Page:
Raising the skill level of public sector buyers would help – but not plug – the funding gap in England’s adult social spending, according to the spokesman for the Society of Procurement Officers in Local Government (SOPO).
Peter Howarth told SM that as adult social care spending is falling and unlikely to increase again to meet the needs of those relying on its services, public sector procurement staff have a significant part to play in eliminating wasteful spending.
He said: “We must be more efficient in spending what is left, which could result in better outcomes. Procurement officers should work more effectively with third sector organisations like Age UK to find out where costs can be reduced. There is still a lot of money wasted on both sides – the contract management and supply side. Costs could be reduced through better contract management and performance, and this can be done by increasing buying skills in the public sector. Even though this would not plug the spending gap, buyers skills should increase to help stop wasteful spending.”
His comments come as Age UK published a report today that said public sector spending on adult social care in England has fallen by £500 million in real terms. According to Age UK’s Care in Crisis 2012 report, not enough money is spent on older people’s care, with councils having cut back on their provision and increasing charges levied for services.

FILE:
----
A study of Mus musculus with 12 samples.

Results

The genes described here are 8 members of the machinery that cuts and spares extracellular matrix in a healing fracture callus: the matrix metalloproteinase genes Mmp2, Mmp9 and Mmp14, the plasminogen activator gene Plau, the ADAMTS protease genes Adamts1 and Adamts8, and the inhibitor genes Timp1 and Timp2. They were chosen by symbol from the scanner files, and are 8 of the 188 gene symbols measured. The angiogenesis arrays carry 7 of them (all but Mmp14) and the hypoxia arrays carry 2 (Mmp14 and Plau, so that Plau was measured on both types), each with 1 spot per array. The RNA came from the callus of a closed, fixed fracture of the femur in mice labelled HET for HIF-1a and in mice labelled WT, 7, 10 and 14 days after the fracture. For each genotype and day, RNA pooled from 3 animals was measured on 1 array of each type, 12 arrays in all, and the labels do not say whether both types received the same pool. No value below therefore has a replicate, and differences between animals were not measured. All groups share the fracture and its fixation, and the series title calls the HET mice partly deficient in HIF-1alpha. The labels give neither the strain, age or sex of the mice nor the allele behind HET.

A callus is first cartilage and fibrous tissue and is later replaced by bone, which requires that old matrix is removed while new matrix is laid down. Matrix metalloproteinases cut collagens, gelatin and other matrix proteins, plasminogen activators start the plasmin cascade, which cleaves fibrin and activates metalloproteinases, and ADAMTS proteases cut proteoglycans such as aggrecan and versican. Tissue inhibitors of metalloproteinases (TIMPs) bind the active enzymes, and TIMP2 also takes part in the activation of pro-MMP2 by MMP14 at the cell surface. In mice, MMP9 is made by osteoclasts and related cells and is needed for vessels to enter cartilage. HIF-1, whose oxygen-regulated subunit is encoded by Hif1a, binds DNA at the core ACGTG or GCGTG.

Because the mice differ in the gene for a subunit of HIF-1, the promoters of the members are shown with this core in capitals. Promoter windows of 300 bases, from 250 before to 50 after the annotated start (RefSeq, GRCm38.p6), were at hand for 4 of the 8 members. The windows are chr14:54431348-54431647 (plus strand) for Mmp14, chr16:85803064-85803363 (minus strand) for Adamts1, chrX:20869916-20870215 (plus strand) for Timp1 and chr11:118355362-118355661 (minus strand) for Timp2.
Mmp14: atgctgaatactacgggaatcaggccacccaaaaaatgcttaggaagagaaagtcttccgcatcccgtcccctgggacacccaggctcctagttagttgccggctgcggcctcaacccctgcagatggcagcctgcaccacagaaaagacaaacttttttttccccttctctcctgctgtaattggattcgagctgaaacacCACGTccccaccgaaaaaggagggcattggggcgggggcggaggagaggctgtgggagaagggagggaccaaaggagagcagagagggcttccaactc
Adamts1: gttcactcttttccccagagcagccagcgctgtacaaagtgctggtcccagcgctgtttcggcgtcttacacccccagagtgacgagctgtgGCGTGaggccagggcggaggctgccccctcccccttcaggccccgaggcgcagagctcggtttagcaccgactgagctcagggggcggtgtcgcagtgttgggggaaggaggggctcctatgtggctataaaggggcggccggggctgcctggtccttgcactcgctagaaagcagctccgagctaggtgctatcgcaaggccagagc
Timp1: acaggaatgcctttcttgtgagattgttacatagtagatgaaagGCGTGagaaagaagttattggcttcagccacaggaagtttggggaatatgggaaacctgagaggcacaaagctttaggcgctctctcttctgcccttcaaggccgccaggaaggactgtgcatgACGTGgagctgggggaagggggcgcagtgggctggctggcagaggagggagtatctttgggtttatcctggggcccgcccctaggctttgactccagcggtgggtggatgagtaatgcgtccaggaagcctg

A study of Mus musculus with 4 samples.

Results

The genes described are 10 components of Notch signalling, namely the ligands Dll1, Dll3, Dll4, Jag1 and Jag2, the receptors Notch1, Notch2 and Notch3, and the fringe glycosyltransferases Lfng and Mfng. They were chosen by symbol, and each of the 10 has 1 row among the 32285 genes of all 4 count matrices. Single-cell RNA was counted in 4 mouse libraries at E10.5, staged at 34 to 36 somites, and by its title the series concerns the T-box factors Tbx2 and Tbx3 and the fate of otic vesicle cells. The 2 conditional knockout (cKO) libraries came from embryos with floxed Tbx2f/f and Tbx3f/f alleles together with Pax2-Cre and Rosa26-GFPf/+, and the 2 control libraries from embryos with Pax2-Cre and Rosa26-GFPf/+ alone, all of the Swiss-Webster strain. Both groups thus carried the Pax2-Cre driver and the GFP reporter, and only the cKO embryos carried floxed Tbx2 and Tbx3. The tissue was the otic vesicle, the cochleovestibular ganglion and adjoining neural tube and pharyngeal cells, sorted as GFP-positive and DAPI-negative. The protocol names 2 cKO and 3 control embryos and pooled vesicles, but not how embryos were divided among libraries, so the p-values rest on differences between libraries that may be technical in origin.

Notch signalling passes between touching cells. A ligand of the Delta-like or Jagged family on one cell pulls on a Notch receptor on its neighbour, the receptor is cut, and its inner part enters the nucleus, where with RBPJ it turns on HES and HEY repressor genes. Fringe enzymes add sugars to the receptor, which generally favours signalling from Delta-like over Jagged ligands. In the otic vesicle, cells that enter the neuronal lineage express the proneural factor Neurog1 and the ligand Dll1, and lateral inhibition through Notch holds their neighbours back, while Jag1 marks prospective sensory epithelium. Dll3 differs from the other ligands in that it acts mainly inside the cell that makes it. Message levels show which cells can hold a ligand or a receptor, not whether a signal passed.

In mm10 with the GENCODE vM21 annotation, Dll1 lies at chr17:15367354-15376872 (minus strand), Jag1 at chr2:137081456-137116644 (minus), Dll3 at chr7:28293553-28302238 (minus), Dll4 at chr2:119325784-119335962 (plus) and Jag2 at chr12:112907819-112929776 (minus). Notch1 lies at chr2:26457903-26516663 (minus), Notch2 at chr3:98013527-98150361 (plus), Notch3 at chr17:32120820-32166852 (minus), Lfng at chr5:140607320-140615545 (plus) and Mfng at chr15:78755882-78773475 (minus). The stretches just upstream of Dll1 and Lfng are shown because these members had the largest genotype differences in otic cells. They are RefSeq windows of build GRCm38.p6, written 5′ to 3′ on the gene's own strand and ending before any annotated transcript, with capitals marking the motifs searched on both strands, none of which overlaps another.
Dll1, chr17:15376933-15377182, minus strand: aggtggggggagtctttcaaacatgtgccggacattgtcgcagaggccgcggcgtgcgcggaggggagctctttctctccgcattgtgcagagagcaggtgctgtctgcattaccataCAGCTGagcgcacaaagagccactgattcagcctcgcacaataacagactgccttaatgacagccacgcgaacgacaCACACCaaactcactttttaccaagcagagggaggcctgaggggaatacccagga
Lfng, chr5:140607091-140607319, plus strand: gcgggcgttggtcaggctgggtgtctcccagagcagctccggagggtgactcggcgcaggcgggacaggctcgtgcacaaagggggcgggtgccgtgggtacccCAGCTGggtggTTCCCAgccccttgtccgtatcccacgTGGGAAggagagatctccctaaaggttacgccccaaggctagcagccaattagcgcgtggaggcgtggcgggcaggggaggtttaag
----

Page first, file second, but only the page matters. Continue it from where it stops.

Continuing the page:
The document said that with a widening funding gap, keeping the care system at the same level as in 2010 (before cuts) would require an expenditure of £7.8 billion on older people’s social care in 2011/12 – but this year, spending is only £7.3 billion, a shortfall of £500 million.
Responding to claims that the adult social care system is facing a funding shortfall this year, councillor David Rogers, chairman of the Local Government Association's Community Wellbeing board, said: “Despite a 28 per cent funding cut from government, spending on adult services this year is expected to fall by just 2.5 per cent, the lowest for any service area. We can’t make the same savings twice and finding solutions that don’t impact on the services we can deliver to elderly and vulnerable residents is going to become increasingly difficult.”